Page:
Fultz latest in long line of local products to go high in NBA Draft

DeMatha's Markelle Fultz (pictured) is the fifth D.C.-area player to be taken No. 1 overall in the NBA Draft.
DeMatha’s Markelle Fultz is the fifth D.C.-area player to be taken No. 1 overall in the NBA Draft.

With his selection as the first overall pick by the Philadelphia 76ers in the 2017 NBA Draft, DeMatha’s Markelle Fultz became the fifth D.C.-area player ever to be taken No. 1 overall.

Several accounts (wrongly) trumpeted the fact that Fultz would be the first local native chosen No. 1 overall since Mackin/Notre Dame star Austin Carr in 1971. But that overlooks Osbourn Park’s David Robinson in 1987.

Now it’s true that Robinson wasn’t born in the area. But he did play his high school basketball here, right in Prince William County. Truth be told, Robinson didn’t appear to be destined for stardom at that point. He wasn’t All-Met, he was “only” 6-foot-7 and he seemed headed for a career in military service or electronics rather than basketball at that point. But, he grew four or five inches at the Naval Academy, honed his skills and became one of the great centers in NBA history.

Aside from Carr, Robinson and Fultz, the area’s other No. 1 overall picks were the incomparable Elgin Baylor (Spingarn) in 1958 and Fred Hetzel (Landon) in 1965.

Baylor, with his high-flying style, was the airborne ancestor to subsequent players like Connie Hawkins, Julus Erving and Michael Jordan. Baylor quite simply helped take an earthbound game and took it into the air with his hang-time and athletic, never-before-seen drives to the hoop.

During in 13-year career in which the 6-foot-5 Hall of Famer averaged 27 points and 13 rebounds per game, Baylor might also have saved one of the league’s most popular franchises. The Lakers, who had yet to move from Minneapolis to Los Angeles, were in desperate financial straits in 1958 (hence their subsequent move two years later) and needed a gate attraction to boost attendance. Then-owner Bob Short knew Baylor could be the drawing card he needed and was desperate to draft and sign him.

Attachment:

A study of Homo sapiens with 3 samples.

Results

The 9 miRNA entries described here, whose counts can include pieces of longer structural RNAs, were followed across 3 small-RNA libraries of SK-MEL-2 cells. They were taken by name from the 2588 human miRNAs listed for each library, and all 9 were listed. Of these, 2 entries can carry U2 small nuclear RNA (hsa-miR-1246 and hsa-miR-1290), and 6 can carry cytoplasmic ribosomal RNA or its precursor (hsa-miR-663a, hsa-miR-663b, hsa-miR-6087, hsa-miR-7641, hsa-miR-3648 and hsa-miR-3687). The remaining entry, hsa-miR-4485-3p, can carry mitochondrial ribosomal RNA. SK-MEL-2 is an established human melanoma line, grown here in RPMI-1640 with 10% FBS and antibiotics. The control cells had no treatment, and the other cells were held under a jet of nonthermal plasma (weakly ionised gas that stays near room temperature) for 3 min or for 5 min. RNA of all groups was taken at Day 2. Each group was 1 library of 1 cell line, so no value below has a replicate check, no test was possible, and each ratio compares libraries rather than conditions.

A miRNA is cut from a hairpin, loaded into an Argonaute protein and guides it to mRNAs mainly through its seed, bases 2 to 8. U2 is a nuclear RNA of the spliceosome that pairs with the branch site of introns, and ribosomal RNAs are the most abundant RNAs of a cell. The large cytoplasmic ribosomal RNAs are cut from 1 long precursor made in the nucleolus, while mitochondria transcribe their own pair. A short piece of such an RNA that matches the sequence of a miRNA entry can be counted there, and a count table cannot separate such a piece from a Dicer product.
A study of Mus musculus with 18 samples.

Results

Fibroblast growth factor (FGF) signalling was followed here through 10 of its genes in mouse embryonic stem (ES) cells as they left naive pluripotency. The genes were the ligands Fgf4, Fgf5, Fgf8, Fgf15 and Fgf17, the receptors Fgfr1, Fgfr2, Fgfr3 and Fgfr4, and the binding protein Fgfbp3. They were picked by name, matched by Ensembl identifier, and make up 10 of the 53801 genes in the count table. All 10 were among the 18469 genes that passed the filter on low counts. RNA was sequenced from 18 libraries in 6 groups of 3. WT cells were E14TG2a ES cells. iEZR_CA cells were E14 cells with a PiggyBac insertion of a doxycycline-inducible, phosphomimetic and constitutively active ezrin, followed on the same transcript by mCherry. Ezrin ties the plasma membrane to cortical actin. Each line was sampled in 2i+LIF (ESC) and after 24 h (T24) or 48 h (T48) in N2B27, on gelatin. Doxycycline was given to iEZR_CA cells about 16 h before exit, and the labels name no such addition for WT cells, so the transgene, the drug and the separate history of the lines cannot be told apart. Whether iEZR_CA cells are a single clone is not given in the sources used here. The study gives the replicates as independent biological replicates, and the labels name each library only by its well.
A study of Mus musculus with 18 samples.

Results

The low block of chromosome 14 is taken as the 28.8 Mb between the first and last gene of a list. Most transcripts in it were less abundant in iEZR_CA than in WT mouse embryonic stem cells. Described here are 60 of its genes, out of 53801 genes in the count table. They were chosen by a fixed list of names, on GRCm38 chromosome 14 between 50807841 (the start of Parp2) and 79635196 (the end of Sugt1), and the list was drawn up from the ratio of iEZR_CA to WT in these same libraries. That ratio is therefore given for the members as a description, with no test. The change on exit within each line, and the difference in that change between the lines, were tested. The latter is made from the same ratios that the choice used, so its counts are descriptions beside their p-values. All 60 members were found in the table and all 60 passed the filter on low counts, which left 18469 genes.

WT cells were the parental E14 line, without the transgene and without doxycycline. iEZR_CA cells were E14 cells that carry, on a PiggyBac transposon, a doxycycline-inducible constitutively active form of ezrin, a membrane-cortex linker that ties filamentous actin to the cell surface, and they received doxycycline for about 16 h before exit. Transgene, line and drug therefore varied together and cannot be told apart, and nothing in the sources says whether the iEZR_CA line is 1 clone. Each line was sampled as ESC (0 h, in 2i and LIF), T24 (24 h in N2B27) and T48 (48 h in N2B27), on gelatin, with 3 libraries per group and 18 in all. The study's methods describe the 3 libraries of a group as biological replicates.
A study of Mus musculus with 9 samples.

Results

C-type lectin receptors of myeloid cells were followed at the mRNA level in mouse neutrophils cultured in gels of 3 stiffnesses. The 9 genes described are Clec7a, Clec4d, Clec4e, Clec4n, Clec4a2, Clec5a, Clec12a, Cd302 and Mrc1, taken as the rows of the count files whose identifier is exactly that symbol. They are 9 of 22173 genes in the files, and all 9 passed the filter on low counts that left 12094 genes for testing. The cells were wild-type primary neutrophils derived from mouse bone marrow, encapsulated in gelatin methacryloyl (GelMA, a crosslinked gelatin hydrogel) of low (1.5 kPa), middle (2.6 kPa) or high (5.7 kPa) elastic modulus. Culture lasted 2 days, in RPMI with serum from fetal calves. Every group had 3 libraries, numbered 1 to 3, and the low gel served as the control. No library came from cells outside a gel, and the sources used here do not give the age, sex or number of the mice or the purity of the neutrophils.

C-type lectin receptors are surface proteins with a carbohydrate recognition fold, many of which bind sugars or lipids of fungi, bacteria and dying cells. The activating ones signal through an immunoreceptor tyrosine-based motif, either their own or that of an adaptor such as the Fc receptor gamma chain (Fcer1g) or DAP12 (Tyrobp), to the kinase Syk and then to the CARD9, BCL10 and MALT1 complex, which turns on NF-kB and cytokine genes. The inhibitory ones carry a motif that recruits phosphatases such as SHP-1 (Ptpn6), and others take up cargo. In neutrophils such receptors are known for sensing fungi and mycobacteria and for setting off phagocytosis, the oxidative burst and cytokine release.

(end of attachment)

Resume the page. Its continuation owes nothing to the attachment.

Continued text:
“If he had turned me down then, I would have been out of business,” Short told the Los Angeles Times in a 1971 interview. “The club would have gone bankrupt.”

It remains to be seen whether Fultz, an Upper Marlboro native, can be that kind of player. One thing’s first sure. The Sixers, who have missed the playoffs the last five years and have finished above .500 only once in the last dozen seasons, have nowhere to go but up.

Fultz may be able to help engineer a turnaround. The 6-foot-4 guard averaged 23.2 points, 5.7 rebounds and 5.9 assists in 25 games during his lone college season at Washington, excelling on a team that finished 9-22 and lost its final 13 games. Over the past 10 seasons, only two other freshmen had a better scoring average in college: Kevin Durant for Texas in 2006-07, and Michael Beasley for Kansas State in 2007-08. Both Durant (Seat Pleasant) and Beasley (Cheverly) grew up in Prince George’s County – just like Fultz.

Beasley is among a much larger group – seven in all – of D.C. area products who went second overall in the draft. Beasley is probably the least known of the area’s No. 2 picks, mostly because he’s in pretty fast company.

The group includes Dave Bing (1966), who was an NBA Rookie of the Year and then the league’s scoring champion in his second year, 1967-68. He wound up being a seven-time NBA all-star and was named one of the 50 greatest players of the league’s first 50 years.

Durant, one of the league’s biggest stars – if not the biggest – was a No. 2 overall pick by the Seattle Supersonics (now the Oklahoma City Thunder) in 2007 after playing his one year of college basketball at Texas. Since then, he has gone on to win Rookie of the Year (2008), a Most Valuable Player Award (2014) and Olympic gold medal (2012) and an NBA Championship with his new team, the Golden State Warriors (2017). Durant won’t turn 29 until September, yet he has already been an NBA all-star eight times in his career.

Victor Oladipo – also a native of Upper Marlboro and a DeMatha product – is the league’s other current star with local roots taken with the No. 2 pick. Oladipo, who played three years at Indiana, went No. 2 overall to Orlando. He since has been traded to Oklahoma City, where he averaged 15.9 points per game.

Other local No. 2 NBA Draft picks include DeMatha’s Danny Ferry (1989), Steve Francis (1999) and the ill-fated Len Bias (1986), who died of a cocaine overdose less than 48 hours after being taken by the Boston Celtics with the second overall selection.